Throughout history, gambling addiction has resulted in the highest rate of suicides for any addiction and caused desperate people to resort to crime to pay their debts or continue gambling. And now, as gambling continues to expand throughout the country, the number of problem gamblers continues to increase.1
Gambling and Crime
In a 1995 survey of gambler’s anonymous (GA) members, 46% of respondents indicated that they had committed an illegal act. These crimes were frequently armed robbery, theft or fraud (such as writing bad checks),1 and other studies have shown that domestic violenc-,, abuse-, and neglect-related crime rates are also higher amongst problem gamblers.In fact, problem and pathological gamblers are between 3 and 3.5 times more likely to be arrested and/or spend time in jail!2
Gambling addiction is astronomically higher amongst inmates as well. One 2004 study estimated that problem gambling is 300% to 500% more prevalent amongst prisoners than in the general population.2 More recently, some deputies of the Los Angeles Sheriff’s Department – which operates the largest prison system in the country – gave unofficial estimates that 40% to 60% of inmates in low- and medium-security jails presented with signs of problem gambling – as much as 16 times the rate of the general population!
Gambling addicts are also 2 to 7 times more likely to take illegal drugs, binge drink and smoke. Many experts have also observed that they drive high, drunk, distracted or sleep deprived far more frequently than the general population.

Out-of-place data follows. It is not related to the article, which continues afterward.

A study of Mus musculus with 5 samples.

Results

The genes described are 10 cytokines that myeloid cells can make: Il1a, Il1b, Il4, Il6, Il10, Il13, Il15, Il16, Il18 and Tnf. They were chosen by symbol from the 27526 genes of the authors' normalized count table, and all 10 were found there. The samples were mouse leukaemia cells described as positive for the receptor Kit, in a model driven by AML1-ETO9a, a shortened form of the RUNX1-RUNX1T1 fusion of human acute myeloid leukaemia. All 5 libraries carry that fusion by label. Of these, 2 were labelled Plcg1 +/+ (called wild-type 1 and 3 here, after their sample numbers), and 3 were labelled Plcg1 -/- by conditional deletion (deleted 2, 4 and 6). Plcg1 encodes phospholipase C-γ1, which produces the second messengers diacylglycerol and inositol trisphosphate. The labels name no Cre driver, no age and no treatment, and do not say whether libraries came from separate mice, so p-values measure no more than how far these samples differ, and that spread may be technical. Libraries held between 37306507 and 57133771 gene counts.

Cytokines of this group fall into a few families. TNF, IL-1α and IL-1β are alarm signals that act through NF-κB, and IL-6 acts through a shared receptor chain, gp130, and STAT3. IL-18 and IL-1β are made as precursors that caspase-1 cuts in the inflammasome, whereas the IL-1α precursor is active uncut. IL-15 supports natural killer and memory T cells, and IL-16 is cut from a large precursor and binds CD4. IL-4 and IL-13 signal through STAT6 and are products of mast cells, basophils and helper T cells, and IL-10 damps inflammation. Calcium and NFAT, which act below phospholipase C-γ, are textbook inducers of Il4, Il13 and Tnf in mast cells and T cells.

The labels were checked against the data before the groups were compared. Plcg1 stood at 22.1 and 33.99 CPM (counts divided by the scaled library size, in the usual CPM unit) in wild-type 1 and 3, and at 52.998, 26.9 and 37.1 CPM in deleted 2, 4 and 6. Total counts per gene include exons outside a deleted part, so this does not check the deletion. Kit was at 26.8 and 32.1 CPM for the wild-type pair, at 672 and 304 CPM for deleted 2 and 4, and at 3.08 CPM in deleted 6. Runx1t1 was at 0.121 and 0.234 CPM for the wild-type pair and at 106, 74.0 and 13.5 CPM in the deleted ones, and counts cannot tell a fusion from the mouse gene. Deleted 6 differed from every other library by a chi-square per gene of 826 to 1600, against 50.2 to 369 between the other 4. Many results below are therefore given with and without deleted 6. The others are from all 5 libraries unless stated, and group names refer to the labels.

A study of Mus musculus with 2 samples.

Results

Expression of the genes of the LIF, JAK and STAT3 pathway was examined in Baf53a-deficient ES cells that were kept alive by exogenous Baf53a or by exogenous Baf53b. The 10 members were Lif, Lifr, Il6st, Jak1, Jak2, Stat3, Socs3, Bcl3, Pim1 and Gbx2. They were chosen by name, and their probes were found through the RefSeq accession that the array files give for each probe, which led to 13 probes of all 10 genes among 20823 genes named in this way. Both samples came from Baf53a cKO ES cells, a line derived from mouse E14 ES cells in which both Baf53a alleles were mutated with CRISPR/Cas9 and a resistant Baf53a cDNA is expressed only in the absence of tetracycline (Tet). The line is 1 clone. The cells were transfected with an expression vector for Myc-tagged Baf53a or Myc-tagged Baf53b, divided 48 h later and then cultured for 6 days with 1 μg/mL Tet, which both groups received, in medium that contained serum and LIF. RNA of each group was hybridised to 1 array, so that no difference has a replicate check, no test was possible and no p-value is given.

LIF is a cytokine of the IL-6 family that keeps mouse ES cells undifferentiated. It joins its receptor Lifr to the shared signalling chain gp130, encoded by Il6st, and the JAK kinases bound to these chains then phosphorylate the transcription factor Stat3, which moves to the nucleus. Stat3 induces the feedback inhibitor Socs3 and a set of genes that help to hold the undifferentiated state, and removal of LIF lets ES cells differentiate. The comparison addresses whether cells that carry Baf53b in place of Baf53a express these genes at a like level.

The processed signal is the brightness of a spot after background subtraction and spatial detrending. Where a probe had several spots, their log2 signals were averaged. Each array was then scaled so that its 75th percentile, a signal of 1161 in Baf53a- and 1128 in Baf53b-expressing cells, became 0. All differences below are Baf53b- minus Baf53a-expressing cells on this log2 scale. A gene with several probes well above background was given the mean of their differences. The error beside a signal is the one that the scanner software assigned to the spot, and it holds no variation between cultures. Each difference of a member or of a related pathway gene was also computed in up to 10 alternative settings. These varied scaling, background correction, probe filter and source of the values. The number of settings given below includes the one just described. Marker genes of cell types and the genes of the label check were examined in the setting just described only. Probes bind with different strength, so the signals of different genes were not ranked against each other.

Gambling and Suicide
Gambling addiction causes severe financial, emotional, social and sometimes physical problems for the gambler and their family. Coping with the negative consequences of gambling addiction can be overwhelming, leading to feelings of shame, guilt and hopelessness.
The National Council on Problem Gambling has reported that about 20% of pathological gamblers attempt suicide – a higher percentage than any other addictive disorder.1 And the families of problem gamblers are also at a higher risk of suicide for many of the same reasons.3
The risk of suicide is highest for people with mental health problems, such as depression, or those who suffer from other addictions. Some studies have indicated that gambling severity is linked to suicide risk – meaning that the worse the addiction, the more likely it is that the gambler will attempt suicide.1
If you are considering suicide, get help right away by calling 1-800-GAMBLER. Help is always available.